Respecting the Tenth Amendment does not necessarily predispose allegiance to an economic theory. Thus both libertarians and socialists can enthusiastically agree that our national government is bound by strictly enumerated powers and save their blows for whether the sovereign states should adopt single payer health care schemes or operate liquor store monopolies.
Likewise political party is not the sine qua non of constitutional fidelity. Yes, certain factions in each can be fairly aligned with or against the Tenther movement. The Tea Party shares some contiguity with the Grand Old Party but by all accounts is more willing to defend our constitutional charter. The Occupy Wall Street movement overlaps the Democratic Party by sharing meaty bits of its Weltanschauung including a lack of sentimentality toward constitutional who-whats-its, and both claim Alec Baldwin as one of their own.
Among the viable Republican contenders for the presidential throne, Willard Mitt Romney is unapologetic in his total disregard for constitutional niceties. Mitt subrogates questions of constitutionality to claims of his management genius. Once upon a time, said Mitt, he was in favor of abolishing the Department of Education, because that position was “very popular with his base”. To Mitt’s credit it is only his base that has shifted; his constitutional promiscuity is firmly intact.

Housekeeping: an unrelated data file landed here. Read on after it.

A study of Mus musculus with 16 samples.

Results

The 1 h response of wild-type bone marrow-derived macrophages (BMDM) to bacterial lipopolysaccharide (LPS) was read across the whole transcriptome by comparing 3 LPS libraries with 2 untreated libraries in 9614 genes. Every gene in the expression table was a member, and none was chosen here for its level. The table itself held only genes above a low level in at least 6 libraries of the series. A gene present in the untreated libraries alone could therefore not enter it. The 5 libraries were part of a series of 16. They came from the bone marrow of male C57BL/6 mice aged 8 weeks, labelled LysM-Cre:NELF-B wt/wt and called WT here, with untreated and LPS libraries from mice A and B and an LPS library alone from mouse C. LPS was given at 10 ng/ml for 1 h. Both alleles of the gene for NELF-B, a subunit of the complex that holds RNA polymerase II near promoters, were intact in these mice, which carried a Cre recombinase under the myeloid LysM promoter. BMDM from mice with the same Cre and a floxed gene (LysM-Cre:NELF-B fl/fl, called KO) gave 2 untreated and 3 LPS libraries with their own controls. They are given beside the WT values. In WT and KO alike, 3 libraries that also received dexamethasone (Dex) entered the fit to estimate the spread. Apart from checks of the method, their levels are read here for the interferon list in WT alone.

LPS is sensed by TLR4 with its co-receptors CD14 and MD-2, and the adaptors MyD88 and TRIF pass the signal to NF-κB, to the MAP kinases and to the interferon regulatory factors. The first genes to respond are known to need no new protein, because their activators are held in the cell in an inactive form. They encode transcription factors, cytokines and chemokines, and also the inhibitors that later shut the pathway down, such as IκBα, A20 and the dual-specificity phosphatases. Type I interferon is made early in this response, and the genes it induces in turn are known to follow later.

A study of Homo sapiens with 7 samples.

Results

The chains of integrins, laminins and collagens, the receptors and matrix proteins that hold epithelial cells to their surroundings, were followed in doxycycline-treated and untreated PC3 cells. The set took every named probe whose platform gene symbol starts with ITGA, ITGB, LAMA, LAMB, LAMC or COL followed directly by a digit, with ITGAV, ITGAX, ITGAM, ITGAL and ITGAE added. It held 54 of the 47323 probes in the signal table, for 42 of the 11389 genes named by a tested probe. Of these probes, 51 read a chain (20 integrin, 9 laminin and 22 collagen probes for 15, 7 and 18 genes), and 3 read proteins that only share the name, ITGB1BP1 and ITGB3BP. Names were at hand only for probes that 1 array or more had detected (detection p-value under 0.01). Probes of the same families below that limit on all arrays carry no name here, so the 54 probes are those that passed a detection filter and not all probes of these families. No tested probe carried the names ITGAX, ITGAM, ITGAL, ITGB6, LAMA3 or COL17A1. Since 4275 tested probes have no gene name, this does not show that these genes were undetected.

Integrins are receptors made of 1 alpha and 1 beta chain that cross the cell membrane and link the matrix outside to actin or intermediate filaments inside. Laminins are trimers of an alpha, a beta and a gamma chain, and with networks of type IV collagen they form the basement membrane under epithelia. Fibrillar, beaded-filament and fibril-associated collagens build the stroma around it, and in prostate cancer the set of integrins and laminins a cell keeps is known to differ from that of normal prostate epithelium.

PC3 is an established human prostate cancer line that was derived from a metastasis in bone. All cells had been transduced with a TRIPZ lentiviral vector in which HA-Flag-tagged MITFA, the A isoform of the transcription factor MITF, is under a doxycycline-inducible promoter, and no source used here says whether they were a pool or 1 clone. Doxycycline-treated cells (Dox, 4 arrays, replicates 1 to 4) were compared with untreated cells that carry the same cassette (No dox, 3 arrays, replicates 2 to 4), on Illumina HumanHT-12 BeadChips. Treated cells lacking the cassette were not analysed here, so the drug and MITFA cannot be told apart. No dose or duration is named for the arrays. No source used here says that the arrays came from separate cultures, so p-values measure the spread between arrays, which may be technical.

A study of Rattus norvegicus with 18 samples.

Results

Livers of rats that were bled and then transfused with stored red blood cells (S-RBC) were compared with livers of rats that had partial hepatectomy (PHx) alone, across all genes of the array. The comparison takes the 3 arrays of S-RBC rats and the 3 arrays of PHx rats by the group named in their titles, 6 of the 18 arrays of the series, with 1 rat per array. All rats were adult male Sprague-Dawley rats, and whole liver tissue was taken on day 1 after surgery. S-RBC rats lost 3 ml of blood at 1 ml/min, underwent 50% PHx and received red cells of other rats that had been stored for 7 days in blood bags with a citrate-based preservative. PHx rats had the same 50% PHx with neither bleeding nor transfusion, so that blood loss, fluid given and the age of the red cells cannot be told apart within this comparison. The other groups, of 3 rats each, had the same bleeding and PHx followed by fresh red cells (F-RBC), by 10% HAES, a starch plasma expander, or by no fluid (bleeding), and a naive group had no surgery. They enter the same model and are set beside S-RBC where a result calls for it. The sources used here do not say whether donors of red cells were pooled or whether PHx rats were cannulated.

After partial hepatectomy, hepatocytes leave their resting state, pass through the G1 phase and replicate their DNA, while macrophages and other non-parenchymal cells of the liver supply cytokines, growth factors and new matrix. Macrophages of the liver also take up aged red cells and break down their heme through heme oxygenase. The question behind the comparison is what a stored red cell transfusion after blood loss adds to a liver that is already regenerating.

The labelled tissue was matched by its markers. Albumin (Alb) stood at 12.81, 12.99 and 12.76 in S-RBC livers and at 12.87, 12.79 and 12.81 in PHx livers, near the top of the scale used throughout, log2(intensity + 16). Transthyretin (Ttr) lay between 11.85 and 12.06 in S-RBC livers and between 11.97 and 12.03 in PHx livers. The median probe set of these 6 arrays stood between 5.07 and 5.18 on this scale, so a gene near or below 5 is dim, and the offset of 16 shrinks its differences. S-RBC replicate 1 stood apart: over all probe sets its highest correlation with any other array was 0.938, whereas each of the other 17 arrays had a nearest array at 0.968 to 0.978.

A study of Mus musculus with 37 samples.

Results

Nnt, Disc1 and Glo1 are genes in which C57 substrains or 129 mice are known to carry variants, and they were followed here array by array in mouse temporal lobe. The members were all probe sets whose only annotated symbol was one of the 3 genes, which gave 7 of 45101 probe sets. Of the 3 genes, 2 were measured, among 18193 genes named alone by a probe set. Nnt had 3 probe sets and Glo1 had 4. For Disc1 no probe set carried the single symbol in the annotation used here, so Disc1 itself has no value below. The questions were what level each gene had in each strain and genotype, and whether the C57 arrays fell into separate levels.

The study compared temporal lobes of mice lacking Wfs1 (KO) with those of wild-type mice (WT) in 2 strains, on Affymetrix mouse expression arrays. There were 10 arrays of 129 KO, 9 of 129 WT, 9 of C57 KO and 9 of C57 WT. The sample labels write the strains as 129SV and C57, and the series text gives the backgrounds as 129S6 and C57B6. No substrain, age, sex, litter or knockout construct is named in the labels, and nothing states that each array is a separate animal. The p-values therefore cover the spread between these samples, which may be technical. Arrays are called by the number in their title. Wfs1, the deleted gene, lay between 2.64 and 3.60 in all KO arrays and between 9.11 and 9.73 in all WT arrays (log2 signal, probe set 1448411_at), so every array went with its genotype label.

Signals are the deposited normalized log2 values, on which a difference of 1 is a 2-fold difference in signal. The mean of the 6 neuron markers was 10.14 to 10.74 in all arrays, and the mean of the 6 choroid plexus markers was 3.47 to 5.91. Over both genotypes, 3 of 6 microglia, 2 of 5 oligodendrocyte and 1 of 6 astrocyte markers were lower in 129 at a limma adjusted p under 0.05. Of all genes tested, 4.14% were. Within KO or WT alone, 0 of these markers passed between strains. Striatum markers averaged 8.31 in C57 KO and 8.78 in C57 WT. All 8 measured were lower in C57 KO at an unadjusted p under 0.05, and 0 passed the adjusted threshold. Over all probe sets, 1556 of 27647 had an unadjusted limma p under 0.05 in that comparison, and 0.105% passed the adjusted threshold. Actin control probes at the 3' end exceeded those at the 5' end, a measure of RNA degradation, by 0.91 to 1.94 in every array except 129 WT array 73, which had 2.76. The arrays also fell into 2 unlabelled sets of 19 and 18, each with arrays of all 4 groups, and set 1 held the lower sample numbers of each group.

At any 20th century presidential debate Mitt Romney’s defense of federal social security would have been unremarkable. Not even Ronald Reagan attempted to dismantle the New Deal. But Mitt slept through the Great Awakening. Whether social security is or is not a Ponzi scheme is wholly beside the point. The income taxation powers created by the Sixteenth Amendment did not abrogate the Tenth Amendment’s limit on federal power. But this argument means nothing to those who favor Gallup over Madison.
Next year promises to be a banner year for the Tenth Amendment. Americans unacquainted with its elegance will be drawn by both the presidential contest and the U.S. Supreme Court calendar into distinct factions. The Madisonians will gather to defend our Founders’ enlightenment vision of a restrained federal polity; the Totalitarians will mob for an imperialWashington. It is instructive to conclude that the Republican nominee may associate more freely with the latter, even if you think he has good hair.